Question about Stacking and Trunk Uplinks

I was reviewing topology at one of my field offices and noticed they are using Cisco 3750 switches that are stacked with the stack-wise cable. Additionally I noticed they had connected one port to the other port on the switches that are in the stack together as a trunk. Does this cause an issue where they have a trunk port between the two switches connected which are also stacked together?

 

Thx in advance for any info provided. 


When the switches are stacked

When the switches are stacked, there is no need to connect one switch to another via a cooper or fiber port, as the switch stack logically is one switch.  It is like connecting 2 ports together on the same switch. It can cause loop.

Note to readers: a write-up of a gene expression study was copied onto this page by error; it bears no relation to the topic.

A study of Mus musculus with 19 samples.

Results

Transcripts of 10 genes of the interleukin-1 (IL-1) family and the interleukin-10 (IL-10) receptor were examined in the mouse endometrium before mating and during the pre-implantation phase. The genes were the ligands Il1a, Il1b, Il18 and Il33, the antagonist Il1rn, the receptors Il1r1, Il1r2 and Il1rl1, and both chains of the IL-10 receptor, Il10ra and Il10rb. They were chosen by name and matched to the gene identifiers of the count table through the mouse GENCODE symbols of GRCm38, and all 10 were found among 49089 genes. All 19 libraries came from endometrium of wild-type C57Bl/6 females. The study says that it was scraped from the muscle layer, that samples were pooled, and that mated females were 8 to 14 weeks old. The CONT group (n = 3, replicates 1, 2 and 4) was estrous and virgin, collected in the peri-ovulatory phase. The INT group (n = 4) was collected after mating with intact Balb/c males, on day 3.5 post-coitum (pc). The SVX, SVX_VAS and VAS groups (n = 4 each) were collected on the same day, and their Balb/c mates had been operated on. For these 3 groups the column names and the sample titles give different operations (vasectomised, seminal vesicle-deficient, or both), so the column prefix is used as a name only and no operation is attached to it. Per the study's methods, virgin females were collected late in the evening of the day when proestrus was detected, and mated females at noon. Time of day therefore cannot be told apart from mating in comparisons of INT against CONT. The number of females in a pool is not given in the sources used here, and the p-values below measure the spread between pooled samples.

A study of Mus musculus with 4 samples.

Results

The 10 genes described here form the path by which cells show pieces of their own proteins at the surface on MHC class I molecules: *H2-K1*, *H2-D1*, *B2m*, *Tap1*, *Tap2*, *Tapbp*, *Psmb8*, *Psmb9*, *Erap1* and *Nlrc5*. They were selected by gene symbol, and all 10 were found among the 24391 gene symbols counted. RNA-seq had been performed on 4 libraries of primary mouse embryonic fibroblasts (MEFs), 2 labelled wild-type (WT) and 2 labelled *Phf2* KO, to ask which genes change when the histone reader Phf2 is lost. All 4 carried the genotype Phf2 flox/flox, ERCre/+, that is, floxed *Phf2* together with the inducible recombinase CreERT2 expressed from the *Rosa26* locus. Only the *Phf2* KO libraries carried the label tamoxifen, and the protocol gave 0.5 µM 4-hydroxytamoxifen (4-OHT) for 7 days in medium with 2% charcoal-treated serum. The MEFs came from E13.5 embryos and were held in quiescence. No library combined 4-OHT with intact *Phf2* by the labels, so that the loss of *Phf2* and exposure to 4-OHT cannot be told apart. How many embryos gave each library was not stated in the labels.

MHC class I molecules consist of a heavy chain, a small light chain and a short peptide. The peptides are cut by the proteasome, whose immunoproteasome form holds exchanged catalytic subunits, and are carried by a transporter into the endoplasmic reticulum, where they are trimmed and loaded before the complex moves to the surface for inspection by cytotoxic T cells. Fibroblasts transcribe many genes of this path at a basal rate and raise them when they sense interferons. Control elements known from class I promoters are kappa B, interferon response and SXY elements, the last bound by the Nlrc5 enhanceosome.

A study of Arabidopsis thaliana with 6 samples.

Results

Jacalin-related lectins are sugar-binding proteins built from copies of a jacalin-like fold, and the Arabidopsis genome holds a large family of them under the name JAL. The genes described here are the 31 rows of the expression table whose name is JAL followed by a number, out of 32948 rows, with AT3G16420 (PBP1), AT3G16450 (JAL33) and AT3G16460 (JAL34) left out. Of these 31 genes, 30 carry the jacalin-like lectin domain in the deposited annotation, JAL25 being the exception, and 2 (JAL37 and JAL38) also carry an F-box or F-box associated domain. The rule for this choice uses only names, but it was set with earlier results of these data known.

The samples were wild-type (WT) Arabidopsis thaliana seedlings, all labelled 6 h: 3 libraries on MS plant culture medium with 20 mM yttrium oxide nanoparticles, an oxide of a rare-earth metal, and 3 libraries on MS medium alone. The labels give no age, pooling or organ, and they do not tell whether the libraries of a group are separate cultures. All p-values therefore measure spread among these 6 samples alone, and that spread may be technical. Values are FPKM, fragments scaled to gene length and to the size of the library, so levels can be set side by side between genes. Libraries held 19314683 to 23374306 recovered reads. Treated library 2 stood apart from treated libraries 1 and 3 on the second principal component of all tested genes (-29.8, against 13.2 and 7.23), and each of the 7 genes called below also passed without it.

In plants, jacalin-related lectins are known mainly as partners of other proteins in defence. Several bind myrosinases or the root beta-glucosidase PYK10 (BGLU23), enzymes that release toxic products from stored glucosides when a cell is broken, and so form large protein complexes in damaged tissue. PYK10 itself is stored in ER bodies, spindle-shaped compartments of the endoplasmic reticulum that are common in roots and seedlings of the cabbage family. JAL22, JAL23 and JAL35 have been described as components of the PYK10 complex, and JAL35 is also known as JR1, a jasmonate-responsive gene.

HTH

3 REPLIES
VIP Super Bronze

When the switches are stacked

When the switches are stacked, there is no need to connect one switch to another via a cooper or fiber port, as the switch stack logically is one switch.  It is like connecting 2 ports together on the same switch. It can cause loop.

HTH

Community Member

Thx for the response.

Thx for the response.

Super Bronze


If the stack has an active Stack link, as Reza notes, it creates a loops (which should be blocked, by default, by STP).

 

If only one stack cable was used, instead of two, perhaps it was thought this would provide redundancy if the single stack cable failed.  If so, what it will do is allow two (partitioned) switches on the network "thinking" they are the same device (STP may unblock).  I.e. not good!  Redundancy should be provided by using a second stack cable.